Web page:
A new tool for predicting the course of an acute cough in primary care could help reduce antibiotic prescriptions, researchers have found.
The newly developed RISSC85 tool outperforms other tools for predicting the outcome of acute cough, which could be useful for helping to cut down on antibiotic prescribing, they claimed.
Public Health England announced ambitions to cut the amount of antibiotics prescribed in general practice over the next two years after it found that one in five antibiotic prescriptions was ‘inappropriate’.
The study, carried out by researchers in the UK and Belgium, looked at data from a European database for just over 2,600 patients who had presented to primary care with an acute cough. Around 20% of these patients experienced a poor outcome, defined as re-consultation or hospital admission.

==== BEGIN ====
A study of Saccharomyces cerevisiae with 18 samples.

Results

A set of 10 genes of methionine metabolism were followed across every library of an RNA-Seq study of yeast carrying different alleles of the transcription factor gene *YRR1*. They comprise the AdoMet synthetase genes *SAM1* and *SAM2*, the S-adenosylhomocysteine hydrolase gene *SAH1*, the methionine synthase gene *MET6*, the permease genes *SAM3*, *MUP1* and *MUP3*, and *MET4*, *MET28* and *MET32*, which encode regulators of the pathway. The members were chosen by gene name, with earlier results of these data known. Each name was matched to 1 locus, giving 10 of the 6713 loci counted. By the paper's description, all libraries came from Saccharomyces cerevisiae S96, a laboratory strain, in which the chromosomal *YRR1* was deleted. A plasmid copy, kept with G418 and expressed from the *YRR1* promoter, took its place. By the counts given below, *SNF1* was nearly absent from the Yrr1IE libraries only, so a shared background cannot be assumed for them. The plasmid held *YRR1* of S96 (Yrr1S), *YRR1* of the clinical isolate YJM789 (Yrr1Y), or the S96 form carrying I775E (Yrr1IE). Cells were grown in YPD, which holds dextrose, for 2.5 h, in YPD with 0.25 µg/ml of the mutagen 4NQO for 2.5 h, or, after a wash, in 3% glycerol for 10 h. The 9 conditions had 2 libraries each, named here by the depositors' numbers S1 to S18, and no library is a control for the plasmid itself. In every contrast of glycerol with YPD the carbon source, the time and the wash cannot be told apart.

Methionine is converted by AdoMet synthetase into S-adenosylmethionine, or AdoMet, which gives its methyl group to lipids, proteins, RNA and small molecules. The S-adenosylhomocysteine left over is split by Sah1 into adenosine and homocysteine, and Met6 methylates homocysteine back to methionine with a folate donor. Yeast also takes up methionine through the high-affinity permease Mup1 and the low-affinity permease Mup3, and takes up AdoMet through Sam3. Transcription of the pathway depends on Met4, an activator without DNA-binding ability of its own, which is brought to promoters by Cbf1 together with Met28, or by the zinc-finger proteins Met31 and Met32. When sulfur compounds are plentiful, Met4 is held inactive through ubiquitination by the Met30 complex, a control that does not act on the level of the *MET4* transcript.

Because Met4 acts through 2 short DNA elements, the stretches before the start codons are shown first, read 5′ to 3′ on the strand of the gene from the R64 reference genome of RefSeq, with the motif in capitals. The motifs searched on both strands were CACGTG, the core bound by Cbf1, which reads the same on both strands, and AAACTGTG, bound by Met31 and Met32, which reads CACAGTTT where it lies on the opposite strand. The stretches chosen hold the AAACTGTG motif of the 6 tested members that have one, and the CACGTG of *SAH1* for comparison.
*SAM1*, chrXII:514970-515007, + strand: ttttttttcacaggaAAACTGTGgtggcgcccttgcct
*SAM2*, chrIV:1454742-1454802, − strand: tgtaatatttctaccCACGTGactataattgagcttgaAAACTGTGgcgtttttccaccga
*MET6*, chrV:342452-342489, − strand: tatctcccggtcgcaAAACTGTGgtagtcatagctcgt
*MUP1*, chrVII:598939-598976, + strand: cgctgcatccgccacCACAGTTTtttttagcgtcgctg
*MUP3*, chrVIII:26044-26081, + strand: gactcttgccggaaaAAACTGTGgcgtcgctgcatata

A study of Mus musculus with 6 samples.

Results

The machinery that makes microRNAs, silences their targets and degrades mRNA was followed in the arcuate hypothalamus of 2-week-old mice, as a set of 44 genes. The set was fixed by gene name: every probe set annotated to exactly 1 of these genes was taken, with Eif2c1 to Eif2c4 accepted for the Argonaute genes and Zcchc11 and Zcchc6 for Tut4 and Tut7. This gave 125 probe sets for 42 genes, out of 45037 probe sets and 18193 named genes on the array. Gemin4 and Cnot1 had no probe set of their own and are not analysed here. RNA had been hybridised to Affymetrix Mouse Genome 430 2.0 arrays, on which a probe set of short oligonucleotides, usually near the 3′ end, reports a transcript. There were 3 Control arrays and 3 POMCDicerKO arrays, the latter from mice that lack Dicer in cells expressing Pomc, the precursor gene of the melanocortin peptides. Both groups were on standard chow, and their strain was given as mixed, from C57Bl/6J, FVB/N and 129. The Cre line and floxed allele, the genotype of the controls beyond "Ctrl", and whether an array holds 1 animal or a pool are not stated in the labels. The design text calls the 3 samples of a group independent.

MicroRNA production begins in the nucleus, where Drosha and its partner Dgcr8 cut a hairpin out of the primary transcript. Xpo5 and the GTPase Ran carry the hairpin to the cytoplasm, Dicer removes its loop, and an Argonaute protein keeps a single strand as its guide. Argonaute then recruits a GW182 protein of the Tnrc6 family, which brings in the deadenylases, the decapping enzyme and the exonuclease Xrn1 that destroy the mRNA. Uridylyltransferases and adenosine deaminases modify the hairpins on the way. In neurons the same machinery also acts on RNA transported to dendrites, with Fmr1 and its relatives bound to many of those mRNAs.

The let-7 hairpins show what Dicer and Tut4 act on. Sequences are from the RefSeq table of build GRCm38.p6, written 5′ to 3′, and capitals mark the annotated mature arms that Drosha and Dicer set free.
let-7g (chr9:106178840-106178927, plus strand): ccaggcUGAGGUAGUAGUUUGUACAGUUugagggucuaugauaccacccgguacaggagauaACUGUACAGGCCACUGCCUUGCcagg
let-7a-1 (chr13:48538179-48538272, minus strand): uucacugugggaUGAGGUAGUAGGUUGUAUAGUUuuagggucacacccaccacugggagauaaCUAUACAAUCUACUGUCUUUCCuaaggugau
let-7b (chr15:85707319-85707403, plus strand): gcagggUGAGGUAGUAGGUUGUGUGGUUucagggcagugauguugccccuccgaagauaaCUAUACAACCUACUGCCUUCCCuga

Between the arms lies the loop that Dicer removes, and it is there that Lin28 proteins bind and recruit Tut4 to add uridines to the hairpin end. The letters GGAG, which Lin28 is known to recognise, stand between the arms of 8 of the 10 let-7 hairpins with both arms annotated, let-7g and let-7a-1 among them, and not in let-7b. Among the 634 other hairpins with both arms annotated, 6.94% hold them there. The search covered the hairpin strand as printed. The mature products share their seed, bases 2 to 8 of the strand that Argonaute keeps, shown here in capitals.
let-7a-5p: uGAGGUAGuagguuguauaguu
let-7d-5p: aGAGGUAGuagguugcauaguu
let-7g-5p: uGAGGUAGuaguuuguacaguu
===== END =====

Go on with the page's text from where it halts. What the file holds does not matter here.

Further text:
The authors used modelling to look for variables that were significant in predicting a poor outcome and included them in the tool.
They found that although the performance of RISSC85 was suboptimal, with a positive predictive value of 27%, it still performed better than existing prognostic prediction tools, such as the PSI and CRB65 tools, at separating patients who were and were not at risk of poor outcome.
The variables they included in the tool were baseline risk of poor outcome, how much the cough was interfering with daily activities, number of years since the patient had stopped smoking, severity of sputum as assessed by the patient, presence of crackles, and blood pressure. Adding factors such as CRP levels, blood nitrogen urea levels and chest X-ray findings did not significantly improve the performance of the tool.
They authors also suggested that as the tool had a negative predictive value of 86%, it could be useful for reassuring patients that their cough was not clinically significant and for reducing antibiotic prescriptions.
They said in the paper that practice nurses and GPs could use the simplified RISSC85 to ‘differentiate between patients where a “wait and see approach” is appropriate, and careful reassurance is the preferred treatment strategy, and those more at risk for poor outcome, who could then be more explicitly advised about key symptoms and signs that require re-consultation, and possibly offered a delayed prescription.’